Most Smartphone Users Don’t Bother Using Apps

Do you ever feel that you’ll be using an app for a lifetime after downloading it? Well, think again for a Silicon Valley analyst Andrew Chen has confirmed what we knew already: we hardly ever use most of the apps we have on our phones.

His website shows an app retention curve for Android apps which projects the usage stats within days of an app’s downloading and as expected, the biggest fall comes in the beginning few days.

According to Chen, an average app loses 77 of its users within 3 days of its installation. After a month that number bloats to 90 percent while after 90 days just 5 percent of the people still use the app, which shows that for app developers, arguably the biggest challenge is to keep users using the app.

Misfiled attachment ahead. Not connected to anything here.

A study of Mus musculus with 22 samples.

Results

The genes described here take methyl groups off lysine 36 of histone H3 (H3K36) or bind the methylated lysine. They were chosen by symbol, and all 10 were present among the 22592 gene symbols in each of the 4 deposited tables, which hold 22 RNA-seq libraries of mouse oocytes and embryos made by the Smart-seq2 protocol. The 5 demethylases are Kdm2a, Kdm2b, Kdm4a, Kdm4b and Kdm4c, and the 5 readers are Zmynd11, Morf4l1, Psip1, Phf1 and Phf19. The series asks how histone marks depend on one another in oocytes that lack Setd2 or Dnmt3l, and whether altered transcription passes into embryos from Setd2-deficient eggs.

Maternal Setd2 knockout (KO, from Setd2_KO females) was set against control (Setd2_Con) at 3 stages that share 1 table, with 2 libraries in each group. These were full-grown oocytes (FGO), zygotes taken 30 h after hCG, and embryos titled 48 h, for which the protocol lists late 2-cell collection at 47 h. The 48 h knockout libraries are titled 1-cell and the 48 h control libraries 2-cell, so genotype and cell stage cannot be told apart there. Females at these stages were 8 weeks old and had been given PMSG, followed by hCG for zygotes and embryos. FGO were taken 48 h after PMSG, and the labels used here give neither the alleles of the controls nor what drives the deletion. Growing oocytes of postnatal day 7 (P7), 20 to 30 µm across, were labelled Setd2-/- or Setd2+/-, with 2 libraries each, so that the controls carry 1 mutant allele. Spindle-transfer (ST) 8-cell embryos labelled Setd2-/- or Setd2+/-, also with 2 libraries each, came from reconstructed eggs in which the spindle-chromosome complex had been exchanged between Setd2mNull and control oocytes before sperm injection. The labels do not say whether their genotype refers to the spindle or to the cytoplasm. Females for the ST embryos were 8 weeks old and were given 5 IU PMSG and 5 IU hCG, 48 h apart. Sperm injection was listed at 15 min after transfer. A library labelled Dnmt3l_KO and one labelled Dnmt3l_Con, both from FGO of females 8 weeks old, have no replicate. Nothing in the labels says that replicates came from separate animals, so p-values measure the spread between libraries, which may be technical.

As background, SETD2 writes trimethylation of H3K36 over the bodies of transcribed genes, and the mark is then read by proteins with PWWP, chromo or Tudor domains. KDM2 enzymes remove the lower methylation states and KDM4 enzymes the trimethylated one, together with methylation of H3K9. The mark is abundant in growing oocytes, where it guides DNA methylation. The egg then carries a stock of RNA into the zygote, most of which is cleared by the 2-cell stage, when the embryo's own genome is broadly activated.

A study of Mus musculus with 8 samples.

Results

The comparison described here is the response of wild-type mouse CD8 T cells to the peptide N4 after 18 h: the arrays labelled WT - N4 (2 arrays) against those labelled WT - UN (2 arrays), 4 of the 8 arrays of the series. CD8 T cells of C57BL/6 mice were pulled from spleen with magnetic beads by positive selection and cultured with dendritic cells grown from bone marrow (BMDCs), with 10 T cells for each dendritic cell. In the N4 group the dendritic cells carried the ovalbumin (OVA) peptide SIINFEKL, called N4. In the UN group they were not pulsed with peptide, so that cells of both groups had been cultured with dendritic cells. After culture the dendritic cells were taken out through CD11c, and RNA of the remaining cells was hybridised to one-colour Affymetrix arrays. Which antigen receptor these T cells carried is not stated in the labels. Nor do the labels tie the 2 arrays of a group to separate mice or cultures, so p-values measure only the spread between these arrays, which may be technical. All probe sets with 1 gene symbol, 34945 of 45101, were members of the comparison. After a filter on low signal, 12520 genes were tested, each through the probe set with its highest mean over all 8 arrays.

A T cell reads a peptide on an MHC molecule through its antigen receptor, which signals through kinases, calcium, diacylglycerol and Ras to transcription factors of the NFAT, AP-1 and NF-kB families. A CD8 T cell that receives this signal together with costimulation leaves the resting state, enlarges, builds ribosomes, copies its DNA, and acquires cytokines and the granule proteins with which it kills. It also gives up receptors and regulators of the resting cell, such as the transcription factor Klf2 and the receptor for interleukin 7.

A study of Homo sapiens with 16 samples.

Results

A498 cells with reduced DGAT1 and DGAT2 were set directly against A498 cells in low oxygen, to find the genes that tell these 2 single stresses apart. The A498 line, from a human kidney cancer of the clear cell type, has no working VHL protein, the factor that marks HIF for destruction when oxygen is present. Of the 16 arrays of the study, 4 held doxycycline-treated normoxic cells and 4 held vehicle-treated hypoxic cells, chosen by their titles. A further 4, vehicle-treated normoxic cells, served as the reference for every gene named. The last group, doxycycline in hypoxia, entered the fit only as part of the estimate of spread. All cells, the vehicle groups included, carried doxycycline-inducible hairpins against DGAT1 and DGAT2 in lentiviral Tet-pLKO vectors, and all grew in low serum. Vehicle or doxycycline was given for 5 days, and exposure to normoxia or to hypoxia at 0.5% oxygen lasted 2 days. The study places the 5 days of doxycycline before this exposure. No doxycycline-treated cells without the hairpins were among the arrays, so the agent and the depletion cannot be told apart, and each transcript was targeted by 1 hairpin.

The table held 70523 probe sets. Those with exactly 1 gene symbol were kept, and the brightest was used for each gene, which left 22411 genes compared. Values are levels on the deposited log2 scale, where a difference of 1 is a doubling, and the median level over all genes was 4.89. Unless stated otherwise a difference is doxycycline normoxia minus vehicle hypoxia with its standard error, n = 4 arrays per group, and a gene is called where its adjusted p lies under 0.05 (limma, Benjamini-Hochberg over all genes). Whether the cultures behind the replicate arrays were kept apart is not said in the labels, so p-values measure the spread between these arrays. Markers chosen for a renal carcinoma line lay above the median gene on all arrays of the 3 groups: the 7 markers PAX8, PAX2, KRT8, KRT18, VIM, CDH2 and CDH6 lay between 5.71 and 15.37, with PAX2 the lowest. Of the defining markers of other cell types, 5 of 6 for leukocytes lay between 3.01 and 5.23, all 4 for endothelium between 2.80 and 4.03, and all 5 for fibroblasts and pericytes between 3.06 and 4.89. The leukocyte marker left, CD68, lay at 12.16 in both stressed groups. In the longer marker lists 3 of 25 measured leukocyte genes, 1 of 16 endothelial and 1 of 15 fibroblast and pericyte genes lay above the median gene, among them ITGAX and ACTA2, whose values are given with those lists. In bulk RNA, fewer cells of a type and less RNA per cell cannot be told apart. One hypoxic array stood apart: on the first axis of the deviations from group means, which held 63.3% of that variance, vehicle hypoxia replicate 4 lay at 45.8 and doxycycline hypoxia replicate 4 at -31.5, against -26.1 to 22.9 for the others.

He also notes that this is the reason why only a few thousand apps have sustained meaningful traffic.

Users try out a lot of apps but decide which ones they want to ‘stop using’ within the first 3-7 days. For ‘decent’ apps, the majority of users retained for 7 days stick around much longer. The key to success is to get the users hooked during that critical first 3-7 day period.

The study is clearly a comprehensive one; it maps the data found from 125 million smartphones, while the data used was from apps all of whom have at least 10,000 downloads.

The top apps found in the study are the ones which make the user a part of the experience and encourage them to set their own personalization. For example, if the app in question is a social network, you may want to get their contact list and also get their friends to join the platform, while for a blogging app, you might want them to pick a theme, choose a name and then compose their first post.

Again, bombarding smartphone users with notifications is not the ideal way of getting users back. Instead, get them engaged in the experience and allow them to customize.

You can read Andrew Chen and his collaborator’s comprehensive report here.